Today in London healthcare history, 1981: work-in launched at St Mary’s Hospital, against closure

In our continuing series documenting hospital occupations in the UK, of which a number took place between the late 1970s and early 1990s… As ever, any more info on this occupation anyone out there has would be great…

In 1981, 400 staff at the Harrow Road site of St Mary’s Hospital, in West London (which served the Paddington and Kilburn area) decided to organise an occupation and work-in to try to prevent the closure of several departments.

St. Mary’s had been under threat for the preceding four years; only the vigorous opposition of the staff had prevented its total closure. Rheumatology and Rehabilitation wards only opened in 1977 (the first in the District) had been shut in 1979, when the first serious financial cuts affected the NHS.

In 1981 the Hospital had 431 beds, but the Area Health Authority decided that there were too many acute beds in the District, and that the service would be concentrated at the Praed Street site and at St Charles’ Hospital.

Threatened with the immediate loss of the Casualty Department and 100 beds, and eventual closure, (with surviving services to be moved to the prestigious St. Mary’s Teaching Hospital in Paddington), staff declared a work-in on June 26 1981. In the course of this workers twice occupied areas of the hospital—the first time the administration offices were occupied for 13 days, and the second time a ward was occupied for five days, to prevent its closure. On both occasions court orders were used to evict the occupiers.

At a press conference in December 1981, Terry Pettifor, NW Convenor of the London Ambulance Service Shop Stewards, described the effects of the run down of the Casualty at Harrow Road (the major accident unit in the

District) and pointed out that the remaining casualty facilities in the District would be inadequate to cope with the number of casualties which could easily arise in an accident at the nearby Paddington Station or in a major fire. Three wards had already been closed by then.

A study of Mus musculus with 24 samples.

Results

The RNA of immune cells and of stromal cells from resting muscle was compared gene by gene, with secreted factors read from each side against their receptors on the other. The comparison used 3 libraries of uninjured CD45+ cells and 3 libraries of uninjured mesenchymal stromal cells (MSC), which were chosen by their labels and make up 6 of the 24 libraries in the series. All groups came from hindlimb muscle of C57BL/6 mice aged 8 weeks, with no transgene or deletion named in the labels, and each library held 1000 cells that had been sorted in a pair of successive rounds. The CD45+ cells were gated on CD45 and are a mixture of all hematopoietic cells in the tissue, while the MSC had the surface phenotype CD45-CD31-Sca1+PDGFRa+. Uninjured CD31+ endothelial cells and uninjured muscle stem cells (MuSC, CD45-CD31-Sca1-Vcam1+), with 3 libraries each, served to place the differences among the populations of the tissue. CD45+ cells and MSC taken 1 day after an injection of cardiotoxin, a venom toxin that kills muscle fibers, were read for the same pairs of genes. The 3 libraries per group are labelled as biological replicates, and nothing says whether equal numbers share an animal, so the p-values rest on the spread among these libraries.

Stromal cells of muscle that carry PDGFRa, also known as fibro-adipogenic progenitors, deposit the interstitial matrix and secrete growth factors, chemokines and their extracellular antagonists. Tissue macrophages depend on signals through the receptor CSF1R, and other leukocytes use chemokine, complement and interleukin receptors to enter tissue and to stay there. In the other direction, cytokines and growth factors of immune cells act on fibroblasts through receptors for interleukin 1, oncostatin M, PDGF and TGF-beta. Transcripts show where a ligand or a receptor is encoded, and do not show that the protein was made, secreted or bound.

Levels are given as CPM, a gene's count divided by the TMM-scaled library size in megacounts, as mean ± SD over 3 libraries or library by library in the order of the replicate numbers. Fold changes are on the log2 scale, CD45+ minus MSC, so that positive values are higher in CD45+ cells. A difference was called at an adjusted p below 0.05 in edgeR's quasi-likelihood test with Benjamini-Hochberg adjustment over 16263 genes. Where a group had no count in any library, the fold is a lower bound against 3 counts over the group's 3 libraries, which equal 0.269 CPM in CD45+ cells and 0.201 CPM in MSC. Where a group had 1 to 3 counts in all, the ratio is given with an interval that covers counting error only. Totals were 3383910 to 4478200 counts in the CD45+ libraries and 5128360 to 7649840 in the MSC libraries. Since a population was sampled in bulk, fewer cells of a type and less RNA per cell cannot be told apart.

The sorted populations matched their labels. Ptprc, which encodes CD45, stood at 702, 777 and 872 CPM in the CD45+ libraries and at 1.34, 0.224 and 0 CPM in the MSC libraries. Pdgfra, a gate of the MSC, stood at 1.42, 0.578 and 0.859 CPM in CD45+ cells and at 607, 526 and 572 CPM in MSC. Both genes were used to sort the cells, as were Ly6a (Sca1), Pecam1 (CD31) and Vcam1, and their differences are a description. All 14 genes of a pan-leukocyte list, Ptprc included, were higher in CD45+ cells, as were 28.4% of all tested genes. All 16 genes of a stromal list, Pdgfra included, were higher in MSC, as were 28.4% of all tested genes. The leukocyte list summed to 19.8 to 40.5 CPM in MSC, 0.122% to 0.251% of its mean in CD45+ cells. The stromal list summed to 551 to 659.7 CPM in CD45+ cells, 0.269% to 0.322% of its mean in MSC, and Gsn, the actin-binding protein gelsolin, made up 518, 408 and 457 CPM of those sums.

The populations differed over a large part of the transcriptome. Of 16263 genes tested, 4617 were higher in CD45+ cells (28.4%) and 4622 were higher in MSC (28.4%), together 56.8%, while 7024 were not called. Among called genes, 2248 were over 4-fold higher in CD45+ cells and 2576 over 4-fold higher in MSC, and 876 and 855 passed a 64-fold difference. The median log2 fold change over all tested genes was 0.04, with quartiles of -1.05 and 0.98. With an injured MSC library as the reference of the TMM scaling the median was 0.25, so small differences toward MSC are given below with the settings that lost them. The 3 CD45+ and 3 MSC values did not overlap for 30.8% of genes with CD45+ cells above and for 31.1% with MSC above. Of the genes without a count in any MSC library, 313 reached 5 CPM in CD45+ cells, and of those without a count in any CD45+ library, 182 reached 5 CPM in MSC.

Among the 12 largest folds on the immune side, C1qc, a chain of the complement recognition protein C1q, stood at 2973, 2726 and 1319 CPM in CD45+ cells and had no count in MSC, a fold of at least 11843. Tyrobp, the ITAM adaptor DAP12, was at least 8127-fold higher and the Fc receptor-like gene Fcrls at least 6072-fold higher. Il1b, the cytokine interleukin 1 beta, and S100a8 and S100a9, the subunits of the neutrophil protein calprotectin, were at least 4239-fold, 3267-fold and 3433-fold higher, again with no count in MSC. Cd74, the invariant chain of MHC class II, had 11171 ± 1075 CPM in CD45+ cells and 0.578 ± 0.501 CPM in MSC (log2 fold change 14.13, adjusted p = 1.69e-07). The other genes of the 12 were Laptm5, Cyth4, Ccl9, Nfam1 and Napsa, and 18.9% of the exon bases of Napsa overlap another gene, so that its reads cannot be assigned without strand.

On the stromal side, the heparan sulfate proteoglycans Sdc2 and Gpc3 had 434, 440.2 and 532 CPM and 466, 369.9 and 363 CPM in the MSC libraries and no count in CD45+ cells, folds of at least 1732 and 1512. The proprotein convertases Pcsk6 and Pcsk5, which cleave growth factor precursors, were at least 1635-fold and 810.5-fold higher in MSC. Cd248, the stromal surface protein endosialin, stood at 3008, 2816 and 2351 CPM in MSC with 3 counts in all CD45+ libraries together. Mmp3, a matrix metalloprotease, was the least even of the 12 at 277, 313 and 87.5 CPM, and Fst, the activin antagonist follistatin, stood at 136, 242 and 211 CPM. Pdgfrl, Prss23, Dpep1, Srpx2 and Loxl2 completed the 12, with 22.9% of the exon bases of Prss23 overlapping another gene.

Police and security guards were brought into the hospital at least four times to support management’s plans. A TGWU shop steward was sacked, and a nurse was suspended for a week, for attempting to prevent the forcible removal of patients from a ward.

At least one report claimed that “Throughout this struggle no more than token support has been gained from the unions involved – TGWU, NUPE, COHSE and the failure of the labour movement to evolve its own strategy on health care has been partially responsible for this state of affairs… The leadership of the TGWU – which has been most centrally involved in the struggle – has effectively washed its hands of any responsibility.
Despite policy won at the 1981 BDC it has consistently refused to mobilise its great industrial strength behind this key battle.”

Several trades unionists active in resisting the closure of St Mary’s were targetted, victimised and sacked by management… Rita Maxim, a TGWU shop steward who stood up to management all the way, was threatened with the sack for refusing to do two jobs; a telephonist was also sacked for leaving work at the end of his shift without waiting for a relief.

This occupation succeeded, at least temporarily, in preventing immediate ward closures, but by 1985 St Mary’s had just 166 beds. The Hospital was due to be closed once Phase 1 of the rebuilding of its mother hospital in Praed Street was completed but, due to financial pressures, it closed prematurely. The wards finally closed on 22nd November.

Services were transferred to the St Mary’s Praed Street building.

Part of the Harrow Road site was taken over by the Paddington Community Hospital, the rest was bulldozed and converted into flats, its canalside location making it an attractive proposition for the middle classes (though the developer apparently later went bust, so it never quite achieved its yuppie promise).

NB: In 1993, when the Accident & Emergency Department, at St Charles Hospital was due to be closed, campaigners resisting this move occupied the office of Chief Executive Neil Goodwin, based in the old St Mary’s building in Praed Street.